This past week we had to let go of my niece after an eighteen-month battle against brain cancer. I’m not writing much about it yet (as ever, my sister-in-law Sandy is keeping up with timely reflections and updates), but I have been reading a lot, and this is probably the first of several commonplaces where I’ll be clipping ideas and thoughts that help me think through and process what has happened.
When she heard that Amanda had been called home, my friend Tia (no stranger to suffering) sent me this quote. It’s thoughtful and lovely, challenging and comforting: a perfect candidate for a commonplace entry.
No one has yet believed in God and the kingdom of God,
no one has yet heard about the realm of the resurrected,
and not been homesick from that hour,
waiting and looking forward to being released from bodily existence.
Whether we are young or old makes no difference.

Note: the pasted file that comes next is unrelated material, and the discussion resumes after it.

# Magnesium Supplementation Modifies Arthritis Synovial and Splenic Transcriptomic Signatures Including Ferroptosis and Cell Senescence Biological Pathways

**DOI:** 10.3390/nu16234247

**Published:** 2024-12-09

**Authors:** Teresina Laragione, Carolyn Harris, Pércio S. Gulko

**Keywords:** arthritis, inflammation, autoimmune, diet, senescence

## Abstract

What are twenty or thirty years in the sight of God?
And which of us knows how near he or she may already be to the goal?
That life only really begins when it ends here on earth,
that all that is here is only the prologue before the curtain goes up –
That is for young and old alike to think about. Why are we so afraid when we think about death? … Death is only dreadful for those who live in dread or fear of it.
Death is not wild and terrible, if only we can be still and hold fast to God’s Word. Death is not bitter, if we have not become bitter ourselves.
Death is grace, the greatest gift of grace that God gives to people who believe in him. Death is mild, death is sweet and gentle; it beckons to us with heavenly power, if only we realize that it is the gateway to our homeland, the tabernacle of joy, the everlasting kingdom of peace. How do we know that dying is so dreadful?
Who knows whether, in our human fear and anguish we are only shivering and shuddering at the most glorious, heavenly, blessed event in the world?
Death is hell and night and cold, if it is not transformed by our faith in Christ. But that is just what is so marvelous, that we can transform death. Because Christ transformed it for us.
(This quote reminds me of another really thoughtful piece, one of my all-time favorite Internet reads: “Why the Afterlife Bores Us” by Russell Moore.)